0 of 2 people found the following review helpful:September 3, 2003
For any book, "Mysteries of Pittsburgh" is really good, but for a first novel, it's tremendous. The quality of Chabon's writing is so high, it makes me a little depressed to think I could live to be 100 and NEVER be THAT good. That being said, there are always a few minor things to complain about.
The whole story revolves around Art Bechstein, son of a Jewish gangster and recent college graduate, who is spending the summer in
My first question--and it's wholly unimportant--is why is Art working at a bookstore all summer? If he's finished school, why isn't he looking to use his degree for a real job? I know when I finished college, I didn't spend my summer loafing around, I was out there trying to find permanent employment. This whole plot of hanging around town for the summer seems more like the summer between high school and college than after college...but maybe that's just me.
Anyway, the characters--except Art--are all a little odd and as has been mentioned by other reviewers, seem stereotypical. Maybe, as Art says in the end, that's the point, that he's exaggerating these people in his memory. I didn't much care for Arthur or Phlox, I wish more time would have been given to Evil Incarnate, biker/hired goon/jewel thief Cleveland. He was a lot more fun than Arthur, Phlox, and even Art who always seemed to be whining or pouting about something or other. Art especially came off as such a whiny wimp that it was really hard to believe he was the son of an infamous gangster.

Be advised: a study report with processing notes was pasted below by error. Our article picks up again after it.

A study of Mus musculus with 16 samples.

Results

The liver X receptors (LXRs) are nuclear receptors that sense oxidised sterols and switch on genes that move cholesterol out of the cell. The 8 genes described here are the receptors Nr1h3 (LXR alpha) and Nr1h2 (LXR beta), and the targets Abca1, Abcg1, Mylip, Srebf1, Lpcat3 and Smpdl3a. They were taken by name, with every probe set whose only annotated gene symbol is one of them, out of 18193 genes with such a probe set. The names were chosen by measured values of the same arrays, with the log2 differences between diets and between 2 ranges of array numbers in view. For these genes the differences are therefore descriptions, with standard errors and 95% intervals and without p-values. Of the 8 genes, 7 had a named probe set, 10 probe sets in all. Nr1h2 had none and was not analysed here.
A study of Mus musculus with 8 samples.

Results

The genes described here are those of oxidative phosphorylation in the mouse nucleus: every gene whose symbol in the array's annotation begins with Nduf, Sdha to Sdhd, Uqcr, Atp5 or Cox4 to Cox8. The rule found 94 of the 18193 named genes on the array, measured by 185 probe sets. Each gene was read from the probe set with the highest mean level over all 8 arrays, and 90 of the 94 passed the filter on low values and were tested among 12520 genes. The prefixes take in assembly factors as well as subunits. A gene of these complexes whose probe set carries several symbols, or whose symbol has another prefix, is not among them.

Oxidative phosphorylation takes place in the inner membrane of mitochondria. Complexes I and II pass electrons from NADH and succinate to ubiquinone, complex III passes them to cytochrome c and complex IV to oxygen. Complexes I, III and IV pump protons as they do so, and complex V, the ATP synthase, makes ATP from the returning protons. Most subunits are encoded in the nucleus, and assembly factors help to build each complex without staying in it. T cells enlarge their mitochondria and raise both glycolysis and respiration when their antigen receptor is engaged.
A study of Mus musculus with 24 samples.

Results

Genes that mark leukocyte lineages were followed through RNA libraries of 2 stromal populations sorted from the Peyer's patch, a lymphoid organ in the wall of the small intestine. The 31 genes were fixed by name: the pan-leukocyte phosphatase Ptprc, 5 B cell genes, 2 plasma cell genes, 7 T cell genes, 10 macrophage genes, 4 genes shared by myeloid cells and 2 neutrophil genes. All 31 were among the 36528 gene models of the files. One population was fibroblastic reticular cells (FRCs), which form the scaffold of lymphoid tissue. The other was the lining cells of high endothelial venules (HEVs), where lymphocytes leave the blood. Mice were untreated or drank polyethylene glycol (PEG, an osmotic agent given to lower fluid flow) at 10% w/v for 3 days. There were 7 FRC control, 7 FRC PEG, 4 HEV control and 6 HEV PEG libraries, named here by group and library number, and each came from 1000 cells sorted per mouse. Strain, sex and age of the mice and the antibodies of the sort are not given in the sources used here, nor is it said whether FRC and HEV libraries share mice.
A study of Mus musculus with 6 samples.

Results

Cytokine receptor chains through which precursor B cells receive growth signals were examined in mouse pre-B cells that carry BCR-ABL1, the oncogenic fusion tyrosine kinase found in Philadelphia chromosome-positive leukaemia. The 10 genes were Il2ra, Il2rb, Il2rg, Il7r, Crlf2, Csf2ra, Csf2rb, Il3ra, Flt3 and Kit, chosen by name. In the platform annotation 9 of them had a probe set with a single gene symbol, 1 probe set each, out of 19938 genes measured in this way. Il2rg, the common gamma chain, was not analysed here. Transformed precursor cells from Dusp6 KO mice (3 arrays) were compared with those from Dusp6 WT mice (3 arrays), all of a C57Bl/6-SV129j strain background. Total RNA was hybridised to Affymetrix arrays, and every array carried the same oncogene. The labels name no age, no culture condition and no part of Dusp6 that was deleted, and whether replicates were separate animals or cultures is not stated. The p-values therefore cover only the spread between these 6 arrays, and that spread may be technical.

The ending came abruptly, arbitrarily concluding after one character plunges to his death (I won't ruin that for you readers). It comes so suddenly that it was almost like the author was bored and decided to just quit or was on such a tight word count that he had to wrap it up right NOW. Needless to say, the ending did not really satisfy me. First of all, Art's reflections about the end of the summer, after that certain character dies, should have been expanded and put in an Epilogue to separate it from the main body of the story. Second, just saying what happened for the rest of the summer without much detail, even though it was not of critical importance, looks like sloppy storytelling. That is about the only occasion when I can say that about Chabon's writing.
Despite my nitpicking and second-guessing, "Mysteries" is a wonderful book. The subject matter may make some people uncomfortable, but in the end, this is a book definitely worth reading.